What We Learned: The Seahawks’ rookie class will determine success of this season
The fact that the Seahawks lost on the road in September is not surprising.
The defeat in Denver was the seventh straight road game that Seattle has lost in the first month of the season and the Seahawks are now 2-11 (.154) on the road in September under Pete Carroll. In all other road games during his tenure, they are 30-20-1.
But while the result was fairly predictable, there were plenty of significant developments in Seattle’s season-opener. So here’s a list of what we learned:
The rookie class will determine the success of this season.
Seattle has stars. Not as many as four years ago, certainly, but this is by no means a no-name team. Russell Wilson was an MVP candidate until December last season, Earl Thomas is among the best two or three safeties in the league and Bobby Wagner and K.J. Wright might be the best linebacking tandem in football. But if Seattle is going to make the playoffs this season, it will be because their rookie class – eight of whom are on the active roster – emerge as true difference-makers.
Will Dissly certainly was Sunday, catching three passes for 105 yards and a touchdown in the first half of his first game. Punter Michael Dickson might have been the single most effective player for Seattle with a net punting average of 58 yards, and Tre Flowers was competent, encouraging even, with the start at right cornerback. Linebacker Shaquem Griffin had a difficult debut, and wound up sharing time with Austin Calitro in the second half while Rasheem Green didn’t manage to affect the passer.
The growth of this rookie class is going to determine whether Seattle will be battling for a playoff spot or fighting to get to .500.
Seattle’s renewed emphasis on the run game was all talk.
The Seahawks rushed the ball 16 times. Seven carries went to starting running back Chris Carson, and another seven went to Rashaad Penny, the team’s first-round pick. Whether the Seahawks should have run the ball more is the operative question, because they certainly were not overwhelmingly effective when they did hand it off Chris Carson’s open-field hurdle of a defensive back notwithstanding.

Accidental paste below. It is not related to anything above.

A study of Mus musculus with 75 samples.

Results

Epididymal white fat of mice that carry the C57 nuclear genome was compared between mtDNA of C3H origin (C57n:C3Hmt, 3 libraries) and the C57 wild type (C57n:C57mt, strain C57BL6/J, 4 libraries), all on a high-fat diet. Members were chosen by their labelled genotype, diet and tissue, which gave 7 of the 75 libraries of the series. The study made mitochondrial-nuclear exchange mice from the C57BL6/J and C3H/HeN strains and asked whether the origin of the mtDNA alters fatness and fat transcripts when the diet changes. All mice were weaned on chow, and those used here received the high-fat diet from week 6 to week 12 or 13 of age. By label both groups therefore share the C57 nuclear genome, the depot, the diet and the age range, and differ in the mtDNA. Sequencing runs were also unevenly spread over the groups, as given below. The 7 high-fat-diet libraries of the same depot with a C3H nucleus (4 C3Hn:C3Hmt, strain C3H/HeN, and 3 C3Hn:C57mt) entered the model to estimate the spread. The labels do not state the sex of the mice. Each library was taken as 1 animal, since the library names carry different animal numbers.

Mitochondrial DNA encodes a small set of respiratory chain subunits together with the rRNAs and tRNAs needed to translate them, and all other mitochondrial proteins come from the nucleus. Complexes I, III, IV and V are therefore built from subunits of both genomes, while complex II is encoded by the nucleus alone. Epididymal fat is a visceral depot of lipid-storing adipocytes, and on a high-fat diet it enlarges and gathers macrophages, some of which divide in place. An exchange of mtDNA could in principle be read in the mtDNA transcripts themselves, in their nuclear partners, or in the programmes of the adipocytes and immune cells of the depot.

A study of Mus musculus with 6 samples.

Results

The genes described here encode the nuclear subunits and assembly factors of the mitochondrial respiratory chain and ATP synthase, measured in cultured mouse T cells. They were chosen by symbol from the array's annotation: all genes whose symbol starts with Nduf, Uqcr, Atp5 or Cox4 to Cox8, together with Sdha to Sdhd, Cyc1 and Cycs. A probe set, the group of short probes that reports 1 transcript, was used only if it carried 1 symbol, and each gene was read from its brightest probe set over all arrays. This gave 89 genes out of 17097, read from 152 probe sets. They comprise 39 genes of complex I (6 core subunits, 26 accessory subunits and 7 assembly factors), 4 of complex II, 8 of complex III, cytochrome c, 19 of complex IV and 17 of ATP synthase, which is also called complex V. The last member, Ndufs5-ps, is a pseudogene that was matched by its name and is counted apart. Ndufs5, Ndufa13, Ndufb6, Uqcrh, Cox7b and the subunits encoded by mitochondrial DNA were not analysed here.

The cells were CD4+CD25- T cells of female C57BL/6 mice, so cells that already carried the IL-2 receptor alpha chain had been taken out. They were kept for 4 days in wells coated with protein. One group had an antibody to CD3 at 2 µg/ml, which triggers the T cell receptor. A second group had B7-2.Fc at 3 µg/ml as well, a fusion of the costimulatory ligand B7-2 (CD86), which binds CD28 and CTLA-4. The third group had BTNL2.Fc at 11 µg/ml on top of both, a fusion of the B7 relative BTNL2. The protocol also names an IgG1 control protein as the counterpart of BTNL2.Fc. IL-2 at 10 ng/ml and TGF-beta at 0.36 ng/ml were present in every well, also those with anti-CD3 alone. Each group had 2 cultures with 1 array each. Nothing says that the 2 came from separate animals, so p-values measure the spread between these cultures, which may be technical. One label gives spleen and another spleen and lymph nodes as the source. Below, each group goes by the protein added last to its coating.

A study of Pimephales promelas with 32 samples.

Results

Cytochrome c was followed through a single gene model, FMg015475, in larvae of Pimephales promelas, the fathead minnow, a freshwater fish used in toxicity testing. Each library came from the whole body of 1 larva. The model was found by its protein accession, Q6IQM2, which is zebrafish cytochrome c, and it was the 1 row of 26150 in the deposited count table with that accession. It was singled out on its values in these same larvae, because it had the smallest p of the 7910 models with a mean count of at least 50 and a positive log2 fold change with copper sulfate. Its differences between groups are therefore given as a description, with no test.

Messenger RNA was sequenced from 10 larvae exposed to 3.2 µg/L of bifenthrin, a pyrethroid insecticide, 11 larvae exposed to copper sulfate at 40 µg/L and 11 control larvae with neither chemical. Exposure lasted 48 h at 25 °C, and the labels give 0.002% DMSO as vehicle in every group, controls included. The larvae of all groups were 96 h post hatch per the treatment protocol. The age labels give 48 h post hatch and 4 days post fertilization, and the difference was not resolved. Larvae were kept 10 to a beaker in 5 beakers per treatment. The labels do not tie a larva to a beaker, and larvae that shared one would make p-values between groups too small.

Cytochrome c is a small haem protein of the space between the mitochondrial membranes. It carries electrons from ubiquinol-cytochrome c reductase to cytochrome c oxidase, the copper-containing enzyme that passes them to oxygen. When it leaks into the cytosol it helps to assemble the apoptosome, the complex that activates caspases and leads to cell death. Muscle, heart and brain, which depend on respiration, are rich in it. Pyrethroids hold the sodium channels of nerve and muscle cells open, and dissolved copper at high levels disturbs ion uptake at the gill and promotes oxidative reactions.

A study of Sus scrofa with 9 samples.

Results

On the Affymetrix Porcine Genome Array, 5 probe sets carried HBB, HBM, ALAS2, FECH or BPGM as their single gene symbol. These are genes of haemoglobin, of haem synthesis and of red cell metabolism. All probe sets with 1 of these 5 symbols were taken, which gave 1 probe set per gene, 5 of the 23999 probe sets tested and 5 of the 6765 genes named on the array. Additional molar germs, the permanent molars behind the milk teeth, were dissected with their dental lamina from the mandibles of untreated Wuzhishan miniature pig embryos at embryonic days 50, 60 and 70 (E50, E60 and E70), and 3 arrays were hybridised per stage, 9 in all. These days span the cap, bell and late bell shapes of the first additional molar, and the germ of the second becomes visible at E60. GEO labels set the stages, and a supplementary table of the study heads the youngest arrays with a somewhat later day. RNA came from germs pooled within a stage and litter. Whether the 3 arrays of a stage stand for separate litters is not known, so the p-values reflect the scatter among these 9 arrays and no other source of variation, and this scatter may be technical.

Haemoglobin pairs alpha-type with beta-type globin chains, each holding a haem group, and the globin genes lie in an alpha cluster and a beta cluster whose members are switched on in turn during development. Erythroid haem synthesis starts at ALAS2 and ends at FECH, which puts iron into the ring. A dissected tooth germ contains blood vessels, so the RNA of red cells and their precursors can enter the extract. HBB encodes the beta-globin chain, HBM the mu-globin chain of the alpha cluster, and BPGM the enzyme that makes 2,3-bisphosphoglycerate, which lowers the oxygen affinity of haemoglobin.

Seattle averaged 2.2 yards per carry in the second half, and its second-longest rushing gain of the game was 10 yards, which was completely worthless since it came on a third-and-16 in the first quarter. That’s not exactly a rousing endorsement for more runs, but the run game is what Carroll emphasized all offseason and it was largely non-existent in the opener, which was puzzling.
3. Russell Wilson needs to ditch his 180-degree spin.
It has been a signature move for him, not just avoiding countless sacks but leading to huge plays by breaking containment and getting outside the pass rush. But on Sunday, you saw the Broncos change the angle of pursuit, and when Wilson tried to spin out the backdoor of the pocket, he spun into a hit.
Maybe that’s just Von Miller, who is one of the very best defensive players in this league, but it’s also a sign that the next step in Wilson’s development is not becoming more elusive or better at extending plays. He needs to become more decisive and learn the value of avoiding a sack by throwing the ball away. There’s a psychological toll that a sack takes on the offensive linemen, too.
Of the six sacks Seattle suffered, Wilson estimated that three were on him. That’s too many.